May 28, 2015
Phone Number: (954) 660-4500
Four Tampa Residents Charged In Conspiracy To Import XLR-11, A Synthetic Cannabinoid, A/k/a "Spice"
MIAMI - Four Tampa residents have been charged by indictment with conspiracy to import a synthetic cannabinoid, a/k/a “Spice,” to the United States from China.
A.D. Wright, Special Agent in Charge, Drug Enforcement (DEA), Miami Field Division; Wifredo A. Ferrer, U.S. Attorney for the Southern District of Florida, Alysa D. Erichs, Special Agent in Charge, U.S. Immigration and Customs Enforcement’s Homeland Security (ICE-HSI), and Ronald J. Verrochio, Inspector in Charge, U.S. Postal Inspection (USPIS), Miami Division, made the announcement.
Saiful Hossain, 27, Ahmed Yehia Khalifa, 28, Ahmed Maher Elhelw, 25, and Tanjina Islam Piya, 24, all from Tampa, were charged with conspiracy to import a Schedule I controlled (XLR-11) and conspiracy to manufacture, possess with intent to manufacture and distribute a Schedule I controlled (XLR-11). If convicted, each offense carries a maximum penalty of 20 years in prison. The indictment also seeks forfeiture of items including, bank account funds and real property.
Following today’s detention hearing before Chief U.S. Magistrate Judge Frank J. Lynch, Jr., Hossain, Khalifa and Elhelw were detained without bond pending trial.
According to allegations contained in court records, U.S. Customs and Border (CBP) Officers in New York identified, searched and detained 12 United States Postal (USPS) parcels, destined for Indian River and Palm Beach Counties, in the Southern District of Florida. Each of the parcels was shipped from China and allegedly contained three kilogram packages of a controlled substance, XLR-11 a chemical used in the manufacture of smokable synthetic (SSC). The parcels were mailed to separate private mailboxes, with defined street addresses, located at mailbox service centers in Indian River and Palm Beach Counties.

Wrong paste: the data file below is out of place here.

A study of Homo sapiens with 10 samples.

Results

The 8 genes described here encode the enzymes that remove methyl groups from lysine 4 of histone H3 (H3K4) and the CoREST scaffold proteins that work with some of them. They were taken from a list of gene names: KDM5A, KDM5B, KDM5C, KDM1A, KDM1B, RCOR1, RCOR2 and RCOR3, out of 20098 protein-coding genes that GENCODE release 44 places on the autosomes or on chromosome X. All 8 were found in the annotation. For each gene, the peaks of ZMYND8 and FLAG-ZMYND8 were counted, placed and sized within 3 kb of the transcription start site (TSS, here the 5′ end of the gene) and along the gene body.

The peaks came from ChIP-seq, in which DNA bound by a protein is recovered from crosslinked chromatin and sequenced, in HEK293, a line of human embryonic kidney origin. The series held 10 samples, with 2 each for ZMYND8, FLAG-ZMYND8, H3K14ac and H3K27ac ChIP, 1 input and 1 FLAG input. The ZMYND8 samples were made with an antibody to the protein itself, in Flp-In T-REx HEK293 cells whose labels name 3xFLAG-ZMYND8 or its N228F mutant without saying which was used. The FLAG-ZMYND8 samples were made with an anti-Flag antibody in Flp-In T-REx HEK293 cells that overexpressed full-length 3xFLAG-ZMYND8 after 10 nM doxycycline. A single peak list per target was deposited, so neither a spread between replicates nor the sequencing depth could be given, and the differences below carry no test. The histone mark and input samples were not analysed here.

The court records further allege that SSC products, commonly known as “Spice,” are a mixture of an organic “carrier” medium, such as the herb-like substance damiana leaf and/or marshmallow leaf, which is then typically sprayed or mixed with a synthetic cannabinoid chemical compound which mimics the pharmacological effect of a Schedule I or II controlled substance. This organic “carrier” is then commonly sprayed with a tobacco flavoring such as strawberry, blueberry, or pineapple, in order to mask the harsh chemical taste upon ingestion. Currently, there are hundreds of synthetic cannabinoid compounds.
This investigation was conducted by the DEA, HSI, USPIS, CBP, Hillsborough County Sheriff’s Office, Tampa Police Department, and the Indian River County Sheriff’s Office. This case is being prosecuted by the U.S. Attorney’s Office for the Southern District of Florida.
An indictment is only an accusation and a defendant is presumed innocent until proven guilty beyond a reasonable doubt.